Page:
Dulcimer group forms in Montevallo
On Tuesdays from 3-5 p.m., lilting notes of music can be heard coming from University Baptist Church. A look inside will reveal Bob and Sallie Sutton, along with eight or 10 friends, joyfully playing folk tunes on dulcimers, penny whistles, guitars, and fiddles with Bob singing along. One could guess they were answering the call to “play me some mountain music like Grandma and Grandpa used to play.”
Bob explained how they happened to be there: “About two years ago,” he said, “Sallie and I joined the Southern Appalachian Dulcimer Association. The 300-member SADA has been in existence for 36 years. They meet at the Bethlehem Methodist Church in Hueytown once each month. They also host a festival at Tannehill Ironworks Historical State Park the first weekend in May. At the festival, they enlist members from not only the greater Birmingham area, but from all over the South.”
The Montevallo group is fairly new and is a splinter of SADA. Sally and Bob had enjoyed playing with the Hueytown group so much that they wanted to play more often, and since the practice sessions of SADA were in Trussville and too far for them to travel on a regular basis, they decided to form their own group.
Currently they have about 12 members and want to add to that number. The larger the group, the more volume, better timing, better quality and more fun. Anyone who plays, or wants to learn to play, a traditional stringed instrument and enjoys traditional music is encouraged to get in touch with Bob Sutton at 668-0659.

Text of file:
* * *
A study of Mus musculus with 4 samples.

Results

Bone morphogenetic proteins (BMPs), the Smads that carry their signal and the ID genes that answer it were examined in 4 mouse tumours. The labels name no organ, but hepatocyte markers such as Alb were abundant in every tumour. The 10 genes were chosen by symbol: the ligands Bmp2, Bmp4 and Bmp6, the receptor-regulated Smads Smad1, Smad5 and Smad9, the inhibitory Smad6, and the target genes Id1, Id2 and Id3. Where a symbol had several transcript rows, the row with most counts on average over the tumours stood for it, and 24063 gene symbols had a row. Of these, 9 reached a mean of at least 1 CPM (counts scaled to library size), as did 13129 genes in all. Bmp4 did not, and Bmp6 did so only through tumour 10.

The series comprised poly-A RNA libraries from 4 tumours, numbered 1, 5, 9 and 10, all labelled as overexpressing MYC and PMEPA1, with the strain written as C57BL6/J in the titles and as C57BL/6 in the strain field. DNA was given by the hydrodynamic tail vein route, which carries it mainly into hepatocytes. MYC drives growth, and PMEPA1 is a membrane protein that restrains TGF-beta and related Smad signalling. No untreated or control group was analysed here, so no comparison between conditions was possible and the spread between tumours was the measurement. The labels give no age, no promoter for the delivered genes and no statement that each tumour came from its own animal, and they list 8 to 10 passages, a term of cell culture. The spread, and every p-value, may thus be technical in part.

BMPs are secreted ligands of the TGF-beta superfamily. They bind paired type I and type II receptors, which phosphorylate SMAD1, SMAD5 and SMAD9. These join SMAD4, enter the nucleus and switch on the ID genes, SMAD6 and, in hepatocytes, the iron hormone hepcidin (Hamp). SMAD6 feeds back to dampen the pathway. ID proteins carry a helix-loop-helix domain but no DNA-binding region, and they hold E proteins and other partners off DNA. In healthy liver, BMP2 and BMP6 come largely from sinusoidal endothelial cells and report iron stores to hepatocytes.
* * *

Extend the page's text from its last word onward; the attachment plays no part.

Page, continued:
The average mountain dulcimer is a simple instrument; has three or four strings, a bass string, a string in the middle and one or two melody strings. The dulcimer always carries the melody. The typical drone sound is beautiful and resembles that of the bagpipe. Dulcimers are fairly easy to play, and can be quite inexpensive.
Recently the Montevallo group played for the seniors at Providence Church between Montevallo and Jemison. Some of the songs they played were: “Amazing Grace,” “I’ll Fly Away,” and “Sweet Hour of Prayer.”
The dulcimer players perform at senior centers, nursing homes, churches, schools and special events. There’s no charge, but they just might accept donations. Those interested in scheduling performances should call Sutton.
More information about the two organizations and dulcimer music in general can be found at Southernappalachian dulcimerassociation.com or Everythingdulcimer.com.
Catherine Legg can be reached by email at email@example.com.